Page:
Two rays of hope in post-election Turkey

Yavuz Baydar

The state of local elections in Turkey can be summed up by the remarks of the observer delegation of the Council of Europe: “These elections are a chance for the full reinstatement of the principle of direct democratic mandate in Turkey.”

The repetitious vote count has, as expected by realistic observers of the country, caused turbulence and severe anxiety.

Uncertainty is the reason undue furore may lead to a misreading of what the results mean. Assertions such as “Turkish democracy is the winner in these momentous local elections” may prove to be jumping the gun.

In an analysis for the Guardian, Sinan Ulgen, director of the Turkish think-tank EDAM, falls into this trap by concluding: “Despite being saddled with big problems, Turkish democracy demonstrated its resilience and vibrancy and hinted at a future beyond populist and divisive politics.”

The problem with such argumentation stems from the terminology. There was not much Turkish “democracy” to speak of before the elections and the uncertainty, which hints at a “hijack” of the Greater Istanbul Municipality by the alliance under the leadership of Turkish President Recep Tayyip Erdogan, casts dark shadows over the term.

If anything, one could speak of “continued resistance of the opposition voter bases” to a system in which fairness and transparency of the ballot-box process are non-existent.

One can certainly not speak of “democracy” in an environment where the third largest party, the pro-Kurdish Peoples’ Democratic Party, is severely bruised by arrests, threats and harassment and with its leaders kept in prison.

Neither can one have trust in accountability of a voting process in which the rule of law has collapsed: There is no credible autonomy of state institutions, including the Supreme Electoral Council, which manifests convulsions under extreme political pressure by the executive.

It is, therefore, important to curb the enthusiasm and not mislead world opinion. It is true that opposition voters in Turkey showed that the elections on March 31 were a crucial threshold before Turkey fell prey to consolidated authoritarian rule.

The 84% turnout was a healthy sign of a collective insight that the ballot box was the only leverage to pull the brakes for Erdogan and his like-minded supporters, nested in state apparatus and business.

It is also true that the mainstream opposition block, consisting of secularist Republican People’s Party (CHP) and nationalist Iyi Party, gained control of municipalities that signify embrace of the two-thirds of the GDP.

However, it is also true that Erdogan and his nationalist ally, Devlet Bahceli, won nearly 52% of the nationwide vote on mayoral races and in city councils.

The ground on which Erdogan stands is not shattered but slightly shaken. Having displayed time and again a remarkable skill for survival, Erdogan may throw enthusiastic analysts another curveball. How? The answer is simple: The Turkish president has the “system,” which has nothing to do with “Turkish democracy” as suggested. On the contrary, it was designed and implemented to serve his ambition for absolute power by the referendum on April 16, 2017.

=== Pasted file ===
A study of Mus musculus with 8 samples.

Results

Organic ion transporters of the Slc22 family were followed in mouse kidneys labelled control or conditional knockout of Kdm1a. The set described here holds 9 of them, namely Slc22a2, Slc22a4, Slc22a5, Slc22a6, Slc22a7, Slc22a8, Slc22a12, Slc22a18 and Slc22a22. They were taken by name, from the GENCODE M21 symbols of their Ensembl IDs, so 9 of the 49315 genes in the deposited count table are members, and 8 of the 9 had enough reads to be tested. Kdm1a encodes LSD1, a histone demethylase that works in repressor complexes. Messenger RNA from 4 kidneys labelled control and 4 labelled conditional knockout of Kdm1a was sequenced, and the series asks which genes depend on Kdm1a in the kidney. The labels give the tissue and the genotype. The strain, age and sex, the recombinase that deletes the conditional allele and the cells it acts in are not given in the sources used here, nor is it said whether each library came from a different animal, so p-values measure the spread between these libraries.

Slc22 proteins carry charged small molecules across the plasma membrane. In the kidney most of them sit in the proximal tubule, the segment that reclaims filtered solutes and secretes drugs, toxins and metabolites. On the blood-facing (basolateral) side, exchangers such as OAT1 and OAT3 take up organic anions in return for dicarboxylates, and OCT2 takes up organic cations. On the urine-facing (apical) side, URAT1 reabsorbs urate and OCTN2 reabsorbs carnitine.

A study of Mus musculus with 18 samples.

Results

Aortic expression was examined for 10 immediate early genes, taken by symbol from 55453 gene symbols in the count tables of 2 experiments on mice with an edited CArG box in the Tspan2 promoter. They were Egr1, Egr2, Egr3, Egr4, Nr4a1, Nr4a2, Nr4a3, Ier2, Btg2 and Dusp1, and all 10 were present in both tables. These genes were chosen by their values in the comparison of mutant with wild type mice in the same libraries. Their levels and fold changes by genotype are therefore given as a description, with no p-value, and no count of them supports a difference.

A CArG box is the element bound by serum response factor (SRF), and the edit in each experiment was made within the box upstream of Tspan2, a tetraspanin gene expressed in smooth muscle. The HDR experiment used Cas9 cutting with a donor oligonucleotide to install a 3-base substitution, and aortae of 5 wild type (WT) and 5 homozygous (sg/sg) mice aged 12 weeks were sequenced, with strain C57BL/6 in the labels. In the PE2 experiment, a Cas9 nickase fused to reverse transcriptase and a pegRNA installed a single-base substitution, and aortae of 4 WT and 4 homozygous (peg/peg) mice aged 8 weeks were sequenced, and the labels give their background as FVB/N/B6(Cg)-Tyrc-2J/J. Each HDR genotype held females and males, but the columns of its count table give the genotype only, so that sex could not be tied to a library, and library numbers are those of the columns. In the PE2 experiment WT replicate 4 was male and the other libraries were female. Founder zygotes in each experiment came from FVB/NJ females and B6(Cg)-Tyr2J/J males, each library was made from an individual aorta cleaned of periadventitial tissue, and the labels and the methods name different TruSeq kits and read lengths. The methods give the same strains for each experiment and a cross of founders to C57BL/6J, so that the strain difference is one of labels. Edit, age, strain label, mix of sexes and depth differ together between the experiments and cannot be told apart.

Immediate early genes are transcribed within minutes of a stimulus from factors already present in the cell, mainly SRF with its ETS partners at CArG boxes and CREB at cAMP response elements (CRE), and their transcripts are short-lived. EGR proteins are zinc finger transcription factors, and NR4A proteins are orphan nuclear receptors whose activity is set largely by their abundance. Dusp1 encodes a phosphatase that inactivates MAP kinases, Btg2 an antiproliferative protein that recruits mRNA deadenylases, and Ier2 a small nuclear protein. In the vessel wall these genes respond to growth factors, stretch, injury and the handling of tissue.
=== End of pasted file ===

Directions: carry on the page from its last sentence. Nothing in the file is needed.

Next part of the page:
Erdogan won it with 51% of the vote then and, despite much deeper challenges on economy and foreign policy, he may claim that the pro-Erdogan bloc is shaken but still solid. Since there are no elections scheduled until 2023, he will not be in a hurry to exercise powers over the local administrations given to him. His real challenge will be within his party: He may choose to go with full force to reassert his authority.

At the moment, we may sweep aside undue exuberance and suffice with saying that the mainstream opposition bloc has helped to slightly open the gate to “democracy.” There is a little more light coming into the darkness caused by cruelty in the country.

Let me finish by underlining two key factors, which offer strong opportunities for any future challenge to Erdogan’s power.

One is the Kurdish vote. Without the tactical Kurdish voting, we would not see any loss at all for Erdogan’s alliance in Istanbul, Ankara, Adana, Mersin and the tourism hub of Antalya. Kurds have become the game-setters for the outcome of the elections, which means a change in the asymmetry of power balances on the local level.

The second has to do with a rising star: Ekrem Imamoglu. Having emerged from “bottom up,” which is unusual in the vertically run Turkish politics, Imamoglu proves to be a tough nut to crack under the disguise of a soft-mannered man.

His performance as a contester for Istanbul as the candidate of the opposition bloc reminds us strongly of the late Turkish President Turgut Ozal, who in the mid-1980s took Turkey out of military rule by embracing a large spectrum of political ideologies.

If he remains persistent and resilient to the political intrigues his party — the CHP — is known for, Imamoglu is possibly the best outcome of Turkey’s local elections, symbolising a chance for change in Turkey, albeit in slow motion.

Imamoglu may save the country, which for years posed as the outcast from the ship of democracy.